Jump when you see the rocks
by Ed Reid
We’ve all been there…
Sitting at a table by the beach, the sunlight sparkling and dancing across the water.
‘Too early for a beer?’ you ask yourself.
Way too early.
But you’re on holiday…
Your beer arrives. Ice cold. Condensation running down the outside of the glass. Life doesn’t get any better…
Your gaze wanders over to the beach. The sunbeds. The waves breaking gently on the shore. The sea, turquoise blue, then darker as it rapidly gets deeper. Cliffs on both sides of the bay, rising steeply.
And there. They’re back…
Two local teenagers. Tanned, toned. The body you fondly imagine you still have.
Climbing the rocks to the natural platform. What is it? Fifteen feet high? Twenty?
A brief pause. They exchange a few words. And then they jump…
Five seconds. Ten seconds. The first head bobs back up. Then the second. They swim effortlessly back to the base of the cliff. Start climbing again…
That looks so good. You could do that. No, you don’t know how deep it is. And the channel they’re jumping into is a tad narrow.
But it just looks so damn good…
Your wife stretches her hand out. She knows you all too well. She’s read your expression, “No, dear,” she says, shaking her head. “Just no.”
She’s right. You drink your beer and carry on watching.
Besides – 15 or 20 feet. It’s hardly worth the effort. After all, it’s not Acapulco…
La Quebrada began with two local fishermen making a bet in the 1930s. Today, Acapulco’s cliff divers are professionals, ranging in age from 15 to 70. Essentially it’s simple: no ropes or safety nets, just climb the 135 feet of rocks with your bare hands, pray to the Virgin of Guadeloupe – and then jump into the narrow ravine, hitting the ocean, not the surrounding rocks.
It's said that the trick is to jump when you see the rocks – and trust that by the time you hit the water there’ll be just enough ocean. But if you jump when there’s plenty of ocean…
Isn’t that what we do every single day?
Jump when we see the rocks?
And then climb the cliff and jump again?
Goodness knows there are more than enough rocks right now. UK inflation jumped to 9% in April and there are fears of a recession as rising prices hit spending. City AM has reported that insolvencies have quadrupled as the banks resign themselves to writing off more and more loans. The dispute over Northern Ireland is threatening a trade war with the EU. The Governor of the Bank of England has issued an ‘apocalyptic’ warning on food prices…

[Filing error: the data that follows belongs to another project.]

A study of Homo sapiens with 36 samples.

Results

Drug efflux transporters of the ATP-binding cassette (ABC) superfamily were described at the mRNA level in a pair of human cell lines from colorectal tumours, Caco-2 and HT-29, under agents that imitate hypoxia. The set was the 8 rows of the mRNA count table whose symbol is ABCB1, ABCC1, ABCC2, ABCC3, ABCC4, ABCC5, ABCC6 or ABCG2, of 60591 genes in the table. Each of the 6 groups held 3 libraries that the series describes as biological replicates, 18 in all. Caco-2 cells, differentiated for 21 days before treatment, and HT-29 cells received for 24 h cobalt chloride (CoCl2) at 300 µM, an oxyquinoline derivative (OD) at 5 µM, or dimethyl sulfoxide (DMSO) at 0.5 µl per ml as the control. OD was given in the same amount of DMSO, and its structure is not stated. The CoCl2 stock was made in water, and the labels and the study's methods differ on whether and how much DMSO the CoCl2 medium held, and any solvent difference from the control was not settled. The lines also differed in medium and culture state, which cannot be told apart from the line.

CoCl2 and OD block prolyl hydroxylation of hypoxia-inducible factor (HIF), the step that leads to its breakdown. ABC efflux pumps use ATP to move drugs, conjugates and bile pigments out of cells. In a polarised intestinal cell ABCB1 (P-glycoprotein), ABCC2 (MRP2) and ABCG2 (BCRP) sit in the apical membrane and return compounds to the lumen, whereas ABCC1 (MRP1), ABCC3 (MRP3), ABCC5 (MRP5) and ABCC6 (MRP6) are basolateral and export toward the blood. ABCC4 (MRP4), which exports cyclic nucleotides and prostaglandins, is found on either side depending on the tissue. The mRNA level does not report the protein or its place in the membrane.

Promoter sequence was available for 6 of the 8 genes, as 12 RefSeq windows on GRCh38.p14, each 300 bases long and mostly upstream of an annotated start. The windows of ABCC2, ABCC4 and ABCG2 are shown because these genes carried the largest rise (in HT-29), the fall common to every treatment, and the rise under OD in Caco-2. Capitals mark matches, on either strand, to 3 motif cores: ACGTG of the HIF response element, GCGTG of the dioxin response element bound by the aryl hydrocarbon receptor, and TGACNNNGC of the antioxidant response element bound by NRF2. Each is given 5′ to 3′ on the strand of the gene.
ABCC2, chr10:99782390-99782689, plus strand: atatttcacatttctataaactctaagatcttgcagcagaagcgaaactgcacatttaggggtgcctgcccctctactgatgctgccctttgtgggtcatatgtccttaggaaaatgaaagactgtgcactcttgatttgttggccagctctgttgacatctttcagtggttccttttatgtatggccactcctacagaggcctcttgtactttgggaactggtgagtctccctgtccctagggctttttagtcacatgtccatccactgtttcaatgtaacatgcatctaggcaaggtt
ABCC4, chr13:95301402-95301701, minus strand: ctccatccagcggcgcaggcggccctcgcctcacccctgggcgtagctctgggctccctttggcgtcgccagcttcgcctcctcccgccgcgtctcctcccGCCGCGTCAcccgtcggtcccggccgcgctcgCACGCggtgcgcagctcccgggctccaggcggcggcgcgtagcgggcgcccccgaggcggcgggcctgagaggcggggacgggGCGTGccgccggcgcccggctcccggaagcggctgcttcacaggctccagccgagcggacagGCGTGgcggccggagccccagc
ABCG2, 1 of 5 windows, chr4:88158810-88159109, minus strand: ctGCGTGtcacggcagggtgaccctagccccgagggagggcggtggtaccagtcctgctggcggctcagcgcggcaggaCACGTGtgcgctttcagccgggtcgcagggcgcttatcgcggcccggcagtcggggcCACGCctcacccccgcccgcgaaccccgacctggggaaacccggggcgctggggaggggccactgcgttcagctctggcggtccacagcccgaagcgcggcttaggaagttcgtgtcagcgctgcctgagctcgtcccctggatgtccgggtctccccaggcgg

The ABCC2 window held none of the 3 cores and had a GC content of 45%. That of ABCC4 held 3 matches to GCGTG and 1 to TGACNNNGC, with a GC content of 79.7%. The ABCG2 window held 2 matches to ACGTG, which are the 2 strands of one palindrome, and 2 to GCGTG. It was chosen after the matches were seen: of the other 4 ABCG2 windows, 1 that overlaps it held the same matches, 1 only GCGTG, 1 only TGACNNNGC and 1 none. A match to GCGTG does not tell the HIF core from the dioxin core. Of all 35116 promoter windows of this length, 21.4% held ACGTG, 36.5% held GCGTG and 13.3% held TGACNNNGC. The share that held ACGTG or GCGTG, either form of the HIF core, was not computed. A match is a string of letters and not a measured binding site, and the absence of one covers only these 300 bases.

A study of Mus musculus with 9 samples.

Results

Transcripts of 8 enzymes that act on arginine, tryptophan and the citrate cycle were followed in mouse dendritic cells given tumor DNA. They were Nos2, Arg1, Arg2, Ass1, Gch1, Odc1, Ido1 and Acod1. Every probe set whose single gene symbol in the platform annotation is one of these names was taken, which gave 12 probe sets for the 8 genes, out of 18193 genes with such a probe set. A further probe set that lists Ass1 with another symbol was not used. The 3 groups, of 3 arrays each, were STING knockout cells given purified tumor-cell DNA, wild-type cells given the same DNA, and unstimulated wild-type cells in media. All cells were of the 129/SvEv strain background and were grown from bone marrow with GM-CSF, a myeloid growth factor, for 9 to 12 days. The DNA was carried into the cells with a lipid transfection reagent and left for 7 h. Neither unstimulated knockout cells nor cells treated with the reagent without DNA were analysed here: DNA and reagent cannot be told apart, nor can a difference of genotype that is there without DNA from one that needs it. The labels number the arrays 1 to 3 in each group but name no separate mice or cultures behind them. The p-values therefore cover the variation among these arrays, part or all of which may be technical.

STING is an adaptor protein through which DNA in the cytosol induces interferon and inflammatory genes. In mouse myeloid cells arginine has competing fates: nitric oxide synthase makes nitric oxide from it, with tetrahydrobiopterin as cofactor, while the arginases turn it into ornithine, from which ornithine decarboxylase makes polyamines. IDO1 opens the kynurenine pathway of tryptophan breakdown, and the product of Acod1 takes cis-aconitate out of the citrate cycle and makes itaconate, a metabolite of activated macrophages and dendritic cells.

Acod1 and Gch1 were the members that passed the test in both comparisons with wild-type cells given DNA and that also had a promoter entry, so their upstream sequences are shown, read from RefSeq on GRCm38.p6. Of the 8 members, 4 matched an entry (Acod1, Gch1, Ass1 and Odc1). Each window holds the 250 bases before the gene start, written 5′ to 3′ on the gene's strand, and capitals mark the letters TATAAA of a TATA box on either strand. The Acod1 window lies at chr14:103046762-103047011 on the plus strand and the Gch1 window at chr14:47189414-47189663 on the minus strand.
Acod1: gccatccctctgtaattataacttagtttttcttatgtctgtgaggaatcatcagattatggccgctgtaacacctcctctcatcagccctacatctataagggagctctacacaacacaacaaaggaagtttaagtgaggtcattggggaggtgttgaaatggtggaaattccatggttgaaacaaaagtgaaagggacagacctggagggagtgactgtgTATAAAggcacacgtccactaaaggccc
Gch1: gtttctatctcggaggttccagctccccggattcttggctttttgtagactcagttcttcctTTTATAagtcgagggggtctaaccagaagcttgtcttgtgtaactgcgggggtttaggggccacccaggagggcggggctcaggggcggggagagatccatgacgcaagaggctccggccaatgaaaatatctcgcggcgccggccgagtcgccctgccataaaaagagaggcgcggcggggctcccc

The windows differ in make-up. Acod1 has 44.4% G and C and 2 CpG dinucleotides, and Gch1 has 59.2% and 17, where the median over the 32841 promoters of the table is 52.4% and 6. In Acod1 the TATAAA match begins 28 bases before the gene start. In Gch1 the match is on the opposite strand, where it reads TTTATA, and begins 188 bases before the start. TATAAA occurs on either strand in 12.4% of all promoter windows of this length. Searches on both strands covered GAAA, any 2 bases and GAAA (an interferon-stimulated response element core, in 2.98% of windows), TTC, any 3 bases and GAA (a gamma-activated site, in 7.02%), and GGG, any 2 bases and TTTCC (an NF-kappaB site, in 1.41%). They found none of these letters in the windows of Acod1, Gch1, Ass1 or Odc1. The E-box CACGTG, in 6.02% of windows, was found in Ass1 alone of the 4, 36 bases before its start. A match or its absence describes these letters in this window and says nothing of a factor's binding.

I don’t need to go on. Not only are there plenty of rocks, they’re sharp and jagged. And yet – as I wrote recently – the optimism among TAB members is there for everyone to see. To a man – and a woman – they are positive, upbeat and determined to build their businesses.
But what cheers me even more is that it’s not just the wizened, scarred (on a good day…) battle-hardened veterans round the TAB boardroom tables. More and more young people want to start their own businesses: before the pandemic there was a 35% increase in the number of under-24s making the decision to start a business.
“To be completely honest, I didn’t have any business experience – nobody in the family did – so it wasn’t like I had anyone who could mentor me. But having worked in the business I knew the suppliers, I knew the mark-up and I’ve always been really careful with money. I did it all on a really tight budget: I had a really small shop and just built it up.”
That’s Emma, a florist in Leicester, describing her business’s recovery from the pandemic, quoted in a recent BBC article.
“We got nominated for an award for a short film at the Birmingham Film Festival. On the train on the way back we said, ‘Should we start a production company?’
That’s Ben, a 22 year old videographer from Derby. And there must be hundreds of stories like Ben and Emma’s up and down the country. I cannot tell you how much confidence they give me – both for the economy’s eventual recovery, and for the long-term future of TAB UK.
Young entrepreneurs who, like everyone reading this blog, have the courage every single day to jump when they see the rocks.